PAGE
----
The University of Rochester's Simon School of Business has an idea to attract students to its executive MBA program-a "Hunger Games"-style contest that pits them against each other in a contest to make a successful simulated business.
The Simon Games offers potential students the chance to become CEO of their own firm. They are responsible for business decisions, including market entry, operations and marketing, and are asked to make six key decisions during the seven-week game.
The competition is modeled loosely after the movie and book "The Hunger Games," which pits contestants against one another in a fight to the death. The Simon Games has them compete instead to create a business, with the top four being selected as finalists.
On the line is a full-tuition scholarship to the executive MBA program, valued at more than $89,000, as well as two partial scholarships for the runners-up. But for the Simon School, the contest also has a bigger goal: connecting the school to a new audience and expanding recruitment circles.
The precursor to the Simon Games started years ago as a recruitment effort for the school's full-time program. Though that did not hit the intended market, Simon School officials saw great potential for using the idea for the executive program.
"Two years ago we decided to take this initiative and market it nationally," said Kathleen Harris, director of executive programs administration at the Simon School. "The last two years we did a business simulation as a grassroots effort, and this year we launched the Simon Games. Already we've tripled our inquiries and we're looking at 40 registrants for the game."
The game also helps students prepare for the executive MBA program, Harris added. In the first three weeks they are taught concepts such as business strategies.
"This is very helpful because it can help identify gaps or things that the students thought they knew but maybe need more work on," Harris said.
Because the students spend six to eight hours a week on the simulation, it also gives them an idea of the time commitment necessary to complete the program, she added.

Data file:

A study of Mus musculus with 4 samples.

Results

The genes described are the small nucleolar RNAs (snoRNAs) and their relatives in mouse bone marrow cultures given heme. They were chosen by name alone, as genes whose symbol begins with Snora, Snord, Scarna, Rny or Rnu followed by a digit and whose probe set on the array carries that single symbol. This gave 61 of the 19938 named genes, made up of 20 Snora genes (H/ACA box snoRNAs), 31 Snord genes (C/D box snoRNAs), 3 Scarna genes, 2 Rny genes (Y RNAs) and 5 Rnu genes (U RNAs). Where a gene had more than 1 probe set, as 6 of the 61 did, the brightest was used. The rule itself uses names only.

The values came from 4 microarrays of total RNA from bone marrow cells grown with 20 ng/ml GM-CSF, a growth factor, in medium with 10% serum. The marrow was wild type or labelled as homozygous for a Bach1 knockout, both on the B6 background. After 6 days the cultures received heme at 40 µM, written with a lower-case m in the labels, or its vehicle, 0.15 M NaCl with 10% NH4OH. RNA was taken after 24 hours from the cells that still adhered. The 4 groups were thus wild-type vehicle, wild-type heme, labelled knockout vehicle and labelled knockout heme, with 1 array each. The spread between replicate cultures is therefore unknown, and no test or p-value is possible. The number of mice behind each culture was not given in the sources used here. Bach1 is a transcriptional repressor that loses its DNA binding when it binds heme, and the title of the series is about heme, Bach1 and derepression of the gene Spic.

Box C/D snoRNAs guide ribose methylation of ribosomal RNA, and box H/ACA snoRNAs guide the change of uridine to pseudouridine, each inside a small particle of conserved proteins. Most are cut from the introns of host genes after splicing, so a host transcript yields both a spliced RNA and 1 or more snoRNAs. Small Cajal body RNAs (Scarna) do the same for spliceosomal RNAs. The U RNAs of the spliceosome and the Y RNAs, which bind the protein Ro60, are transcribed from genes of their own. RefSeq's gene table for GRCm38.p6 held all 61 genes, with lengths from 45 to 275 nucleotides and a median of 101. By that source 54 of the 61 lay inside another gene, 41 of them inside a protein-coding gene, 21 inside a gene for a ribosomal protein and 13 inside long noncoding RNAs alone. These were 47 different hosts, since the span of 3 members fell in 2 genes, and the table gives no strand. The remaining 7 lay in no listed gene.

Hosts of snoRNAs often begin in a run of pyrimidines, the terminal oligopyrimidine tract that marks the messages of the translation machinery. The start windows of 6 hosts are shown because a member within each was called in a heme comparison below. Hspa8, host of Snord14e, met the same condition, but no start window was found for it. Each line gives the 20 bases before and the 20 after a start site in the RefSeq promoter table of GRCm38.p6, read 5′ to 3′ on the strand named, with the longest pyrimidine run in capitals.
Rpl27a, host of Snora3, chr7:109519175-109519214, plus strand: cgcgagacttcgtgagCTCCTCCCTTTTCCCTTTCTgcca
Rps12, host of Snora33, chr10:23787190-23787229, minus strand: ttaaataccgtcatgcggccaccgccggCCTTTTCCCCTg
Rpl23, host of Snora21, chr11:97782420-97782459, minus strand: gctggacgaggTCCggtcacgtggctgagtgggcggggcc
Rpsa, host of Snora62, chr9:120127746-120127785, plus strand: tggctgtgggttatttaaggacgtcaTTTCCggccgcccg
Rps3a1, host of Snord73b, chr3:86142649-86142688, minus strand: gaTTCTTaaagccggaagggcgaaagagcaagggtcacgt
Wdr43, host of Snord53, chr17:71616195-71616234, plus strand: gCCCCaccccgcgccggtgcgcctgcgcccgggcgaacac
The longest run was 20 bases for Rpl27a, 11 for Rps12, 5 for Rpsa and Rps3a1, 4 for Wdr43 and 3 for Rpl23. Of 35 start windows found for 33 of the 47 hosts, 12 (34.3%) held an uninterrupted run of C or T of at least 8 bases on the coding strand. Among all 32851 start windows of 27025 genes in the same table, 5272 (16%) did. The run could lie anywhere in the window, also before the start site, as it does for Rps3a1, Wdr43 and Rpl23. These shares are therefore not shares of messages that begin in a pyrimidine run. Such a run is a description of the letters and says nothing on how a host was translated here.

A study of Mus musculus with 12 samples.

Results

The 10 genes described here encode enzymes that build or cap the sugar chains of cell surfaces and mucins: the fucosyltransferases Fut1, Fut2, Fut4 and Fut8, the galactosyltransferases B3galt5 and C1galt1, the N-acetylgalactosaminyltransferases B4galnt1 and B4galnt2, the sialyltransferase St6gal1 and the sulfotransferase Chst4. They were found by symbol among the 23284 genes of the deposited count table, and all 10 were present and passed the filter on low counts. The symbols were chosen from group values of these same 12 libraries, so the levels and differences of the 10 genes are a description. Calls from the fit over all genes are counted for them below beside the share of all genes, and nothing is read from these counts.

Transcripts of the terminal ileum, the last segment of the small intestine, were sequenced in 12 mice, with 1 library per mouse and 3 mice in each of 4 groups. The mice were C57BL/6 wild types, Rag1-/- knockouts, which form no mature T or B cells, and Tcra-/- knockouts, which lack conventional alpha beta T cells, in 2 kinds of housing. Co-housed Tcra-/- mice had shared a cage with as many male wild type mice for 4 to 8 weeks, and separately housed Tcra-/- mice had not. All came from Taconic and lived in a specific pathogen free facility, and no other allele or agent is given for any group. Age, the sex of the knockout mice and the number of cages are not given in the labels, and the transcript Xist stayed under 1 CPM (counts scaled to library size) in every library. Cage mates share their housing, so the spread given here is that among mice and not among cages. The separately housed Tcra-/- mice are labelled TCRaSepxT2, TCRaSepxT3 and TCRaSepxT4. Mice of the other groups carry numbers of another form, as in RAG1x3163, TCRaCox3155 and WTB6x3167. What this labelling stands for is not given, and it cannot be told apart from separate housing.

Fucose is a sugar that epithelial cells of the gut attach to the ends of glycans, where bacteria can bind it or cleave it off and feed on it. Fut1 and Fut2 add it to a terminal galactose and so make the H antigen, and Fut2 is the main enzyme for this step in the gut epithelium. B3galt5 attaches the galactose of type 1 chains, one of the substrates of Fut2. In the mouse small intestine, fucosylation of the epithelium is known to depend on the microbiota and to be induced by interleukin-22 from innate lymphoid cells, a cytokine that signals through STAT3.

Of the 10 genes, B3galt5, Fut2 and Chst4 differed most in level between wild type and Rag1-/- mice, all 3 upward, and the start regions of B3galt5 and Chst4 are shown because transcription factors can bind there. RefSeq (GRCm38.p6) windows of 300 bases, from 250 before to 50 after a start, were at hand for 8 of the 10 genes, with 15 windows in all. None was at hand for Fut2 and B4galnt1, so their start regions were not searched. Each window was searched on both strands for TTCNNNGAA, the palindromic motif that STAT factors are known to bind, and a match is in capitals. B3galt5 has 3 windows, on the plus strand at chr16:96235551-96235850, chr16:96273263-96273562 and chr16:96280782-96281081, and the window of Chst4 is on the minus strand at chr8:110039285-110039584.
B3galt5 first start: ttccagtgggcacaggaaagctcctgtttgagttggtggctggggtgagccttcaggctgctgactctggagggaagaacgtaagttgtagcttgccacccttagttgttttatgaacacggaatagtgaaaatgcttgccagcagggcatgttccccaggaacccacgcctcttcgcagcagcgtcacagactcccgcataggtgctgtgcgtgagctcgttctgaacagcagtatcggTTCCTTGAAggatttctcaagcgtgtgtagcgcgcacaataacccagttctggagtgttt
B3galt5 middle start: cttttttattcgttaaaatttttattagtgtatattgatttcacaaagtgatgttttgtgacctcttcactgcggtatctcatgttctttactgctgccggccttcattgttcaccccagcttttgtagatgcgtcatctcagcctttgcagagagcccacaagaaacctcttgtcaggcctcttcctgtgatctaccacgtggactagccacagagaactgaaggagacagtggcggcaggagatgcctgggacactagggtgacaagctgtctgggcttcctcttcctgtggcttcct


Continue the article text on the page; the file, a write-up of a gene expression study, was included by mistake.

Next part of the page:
The Simon Games also helps the school connect with an audience that has been more difficult to reach, Harris said.
"There are a lot of people who have difficulty getting companies to sponsor them through the program, so this opens up another option," Harris said.
The Rochester Business Alliance Inc. also offers scholarships to individuals from companies of 500 people or fewer as well as non-profit organizations, she added.
The Simon Games are part of a larger effort by the Simon School to expand its audience, Dean Mark Zupan noted. Part of this effort is a push to gain a stronger foothold in New York City, where the school recently introduced a master of science degree in finance. The program originated from a student-submitted idea and allows the school to establish a stronger presence in New York City with alumni and potential students.
Building on the success of the finance program, the Simon School plans to offer a second program in New York City beginning in August. The new course will be a master's program in management, targeting working professionals in the downstate area.
New York City is the biggest source of applicants to the Simon School after Rochester, Zupan said. As it revamps its strategic plan this year, expanding in New York City will be important.
"This is opening up recruiting channels for us in New York, and it's a good way to broaden our alumni family as well," he said.
This expansion fits into plans for the broader university as well, Zupan noted.
"Things have gone very well for us in New York, and we're part of a universitywide effort applying for branch campus status in New York," he said. "There's already a master's in health care education leadership that is being run by the Warner School of Education and the schools of medicine and nursing, and they're offering a program like that in August in New York."
Zupan said he sees all the Simon School's efforts, from New York City expansion to programs like the Simon Games, as part of a larger push to benefit the university.
"We have a big push under (UR president) Joel Seligman to promote Rochester and ramp up advancement efforts, doing more high-profile things and even just the elite publication of accomplishments of the University of Rochester," Zupan said.